Tuesday, January 30, 2007

My Dad sent me a recent story of a new definition of aviation emergency - the door is open!

A policeman near Merimbula looked up at an overflying Cessna and noticed that OMGZ0RZ!!!!111one The door is open!!! He immediately notified CASA, who seemed somewhat unconcerned, as was the pilot, no doubt.

I should point out that a door being open on an unpressurised aircraft is no particular big deal. Even a door falling off would not be classified as an emergency. It probably would be quite scary, especially in a high wing aircraft like a Cessna 172, with nothing between you and the ground but a 1975 vintage lapsash seatbelt, a six-inch tyre and two thousand feet of empty space. A missing door I would classify as an 'urgency' situation - something that is not going to cause my imminent demise, but something I really would like fixed up ASAP, preferably on the ground.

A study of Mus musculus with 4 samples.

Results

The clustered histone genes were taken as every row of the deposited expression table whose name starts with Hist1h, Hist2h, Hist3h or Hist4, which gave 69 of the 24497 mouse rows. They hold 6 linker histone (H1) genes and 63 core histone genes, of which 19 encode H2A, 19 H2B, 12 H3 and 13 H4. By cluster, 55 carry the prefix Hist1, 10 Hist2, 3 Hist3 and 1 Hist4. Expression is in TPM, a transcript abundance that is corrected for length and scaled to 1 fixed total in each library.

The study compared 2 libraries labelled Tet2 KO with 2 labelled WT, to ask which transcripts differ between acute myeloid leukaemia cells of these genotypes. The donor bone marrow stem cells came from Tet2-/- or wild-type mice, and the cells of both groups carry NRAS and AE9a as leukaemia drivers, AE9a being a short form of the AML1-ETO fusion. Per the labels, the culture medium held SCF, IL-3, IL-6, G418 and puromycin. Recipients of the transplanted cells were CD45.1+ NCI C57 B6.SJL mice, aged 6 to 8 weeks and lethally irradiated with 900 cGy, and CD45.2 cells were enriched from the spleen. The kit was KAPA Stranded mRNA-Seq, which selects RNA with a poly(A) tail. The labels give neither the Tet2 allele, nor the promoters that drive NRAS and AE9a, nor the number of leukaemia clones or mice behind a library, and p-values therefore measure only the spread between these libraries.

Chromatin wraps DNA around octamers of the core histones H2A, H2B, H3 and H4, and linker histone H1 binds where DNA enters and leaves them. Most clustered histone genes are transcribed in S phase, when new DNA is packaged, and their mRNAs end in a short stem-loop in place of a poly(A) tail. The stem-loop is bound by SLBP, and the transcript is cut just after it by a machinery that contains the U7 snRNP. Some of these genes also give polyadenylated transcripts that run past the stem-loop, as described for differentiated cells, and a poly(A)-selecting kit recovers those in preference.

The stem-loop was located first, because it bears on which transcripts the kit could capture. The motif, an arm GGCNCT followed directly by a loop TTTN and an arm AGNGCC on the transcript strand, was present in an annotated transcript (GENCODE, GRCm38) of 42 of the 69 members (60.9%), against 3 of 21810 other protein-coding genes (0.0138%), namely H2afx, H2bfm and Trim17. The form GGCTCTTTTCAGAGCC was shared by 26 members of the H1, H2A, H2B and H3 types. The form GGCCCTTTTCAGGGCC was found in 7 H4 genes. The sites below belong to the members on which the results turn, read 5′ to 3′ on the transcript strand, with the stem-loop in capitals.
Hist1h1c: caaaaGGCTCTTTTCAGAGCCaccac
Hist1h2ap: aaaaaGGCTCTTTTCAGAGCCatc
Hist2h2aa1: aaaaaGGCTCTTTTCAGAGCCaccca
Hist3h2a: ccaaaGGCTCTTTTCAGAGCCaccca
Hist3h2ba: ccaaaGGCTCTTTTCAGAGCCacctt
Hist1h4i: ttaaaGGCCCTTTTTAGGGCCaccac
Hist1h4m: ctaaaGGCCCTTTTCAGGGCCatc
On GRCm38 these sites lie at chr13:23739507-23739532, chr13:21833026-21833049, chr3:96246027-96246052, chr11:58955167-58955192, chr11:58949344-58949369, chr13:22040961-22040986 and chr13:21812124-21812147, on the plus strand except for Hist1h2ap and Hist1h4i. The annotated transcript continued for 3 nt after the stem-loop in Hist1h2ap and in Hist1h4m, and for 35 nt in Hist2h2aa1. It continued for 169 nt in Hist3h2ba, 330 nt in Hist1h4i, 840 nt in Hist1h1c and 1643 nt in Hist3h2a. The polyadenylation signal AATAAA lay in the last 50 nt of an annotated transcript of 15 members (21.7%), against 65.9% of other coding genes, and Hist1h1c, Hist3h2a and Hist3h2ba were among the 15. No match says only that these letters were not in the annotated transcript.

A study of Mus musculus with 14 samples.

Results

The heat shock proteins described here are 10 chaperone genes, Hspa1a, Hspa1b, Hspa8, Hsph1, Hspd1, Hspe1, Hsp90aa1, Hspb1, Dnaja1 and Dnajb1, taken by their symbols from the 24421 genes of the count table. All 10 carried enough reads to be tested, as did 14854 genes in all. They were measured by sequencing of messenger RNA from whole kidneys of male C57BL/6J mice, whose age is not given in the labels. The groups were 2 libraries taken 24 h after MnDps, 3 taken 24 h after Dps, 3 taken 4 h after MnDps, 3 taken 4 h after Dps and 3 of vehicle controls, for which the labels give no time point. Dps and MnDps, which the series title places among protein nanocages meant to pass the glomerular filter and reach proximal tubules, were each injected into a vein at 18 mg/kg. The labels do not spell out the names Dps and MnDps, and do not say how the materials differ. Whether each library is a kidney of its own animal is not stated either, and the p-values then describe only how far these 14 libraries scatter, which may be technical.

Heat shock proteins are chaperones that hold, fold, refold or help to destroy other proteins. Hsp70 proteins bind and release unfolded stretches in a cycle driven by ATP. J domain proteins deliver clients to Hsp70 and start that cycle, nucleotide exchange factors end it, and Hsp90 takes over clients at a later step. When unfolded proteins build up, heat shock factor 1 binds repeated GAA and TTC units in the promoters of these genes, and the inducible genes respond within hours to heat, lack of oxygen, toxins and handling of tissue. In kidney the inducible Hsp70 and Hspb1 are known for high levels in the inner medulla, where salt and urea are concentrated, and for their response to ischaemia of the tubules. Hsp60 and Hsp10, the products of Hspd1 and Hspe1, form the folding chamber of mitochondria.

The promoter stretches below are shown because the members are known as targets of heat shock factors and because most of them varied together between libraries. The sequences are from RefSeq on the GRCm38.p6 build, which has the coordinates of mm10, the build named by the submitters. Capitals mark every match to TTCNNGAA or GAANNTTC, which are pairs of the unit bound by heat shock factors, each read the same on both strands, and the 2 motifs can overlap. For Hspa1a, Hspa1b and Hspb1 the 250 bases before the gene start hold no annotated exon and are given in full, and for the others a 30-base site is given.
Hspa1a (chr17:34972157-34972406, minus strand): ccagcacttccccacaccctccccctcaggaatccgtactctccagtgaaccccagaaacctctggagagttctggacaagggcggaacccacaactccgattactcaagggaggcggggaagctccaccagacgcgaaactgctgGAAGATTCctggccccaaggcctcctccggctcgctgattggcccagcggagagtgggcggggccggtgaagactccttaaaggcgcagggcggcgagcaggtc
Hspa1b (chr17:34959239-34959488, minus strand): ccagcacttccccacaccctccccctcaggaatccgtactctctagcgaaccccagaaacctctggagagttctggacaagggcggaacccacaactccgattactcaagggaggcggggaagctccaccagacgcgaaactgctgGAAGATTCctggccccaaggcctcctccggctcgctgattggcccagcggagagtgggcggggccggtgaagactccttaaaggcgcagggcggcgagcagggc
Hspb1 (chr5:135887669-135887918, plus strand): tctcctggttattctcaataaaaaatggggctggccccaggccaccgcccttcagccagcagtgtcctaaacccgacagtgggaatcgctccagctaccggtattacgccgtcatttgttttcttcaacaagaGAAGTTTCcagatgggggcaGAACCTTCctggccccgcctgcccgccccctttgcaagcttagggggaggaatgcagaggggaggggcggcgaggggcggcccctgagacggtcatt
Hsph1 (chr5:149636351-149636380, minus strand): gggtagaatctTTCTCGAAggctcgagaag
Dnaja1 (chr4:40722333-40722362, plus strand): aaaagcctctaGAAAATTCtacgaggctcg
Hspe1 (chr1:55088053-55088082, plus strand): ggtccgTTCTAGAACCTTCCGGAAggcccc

But good on plod for looking up and being concerned for a fellow humans well-being. Most people would look up and then call CASA to complain about the noise, while a herd of Trucks, Hummers, V8s and Harley-Davidsons rumble past the front door.

I do remember another case of an inflight emergency involving a general aviation aircraft and an open door. It was Helen Clark, New Zealand Prime Minister, whose chartered Piper Chieftain had a door that sprung partially open and refused to lock shut once more. A burly policeman held the door closed until all were safely on the ground, he was congratulated for his courage and dedication, the pilot clearly not having the heart to tell him that air pressure alone holds the door closed quite well, thanks all the same. Many people were asking questions after this incident, mostly along the lines of, "does the New Zealand Prime Minister really fly around in a Piper Chieftain?"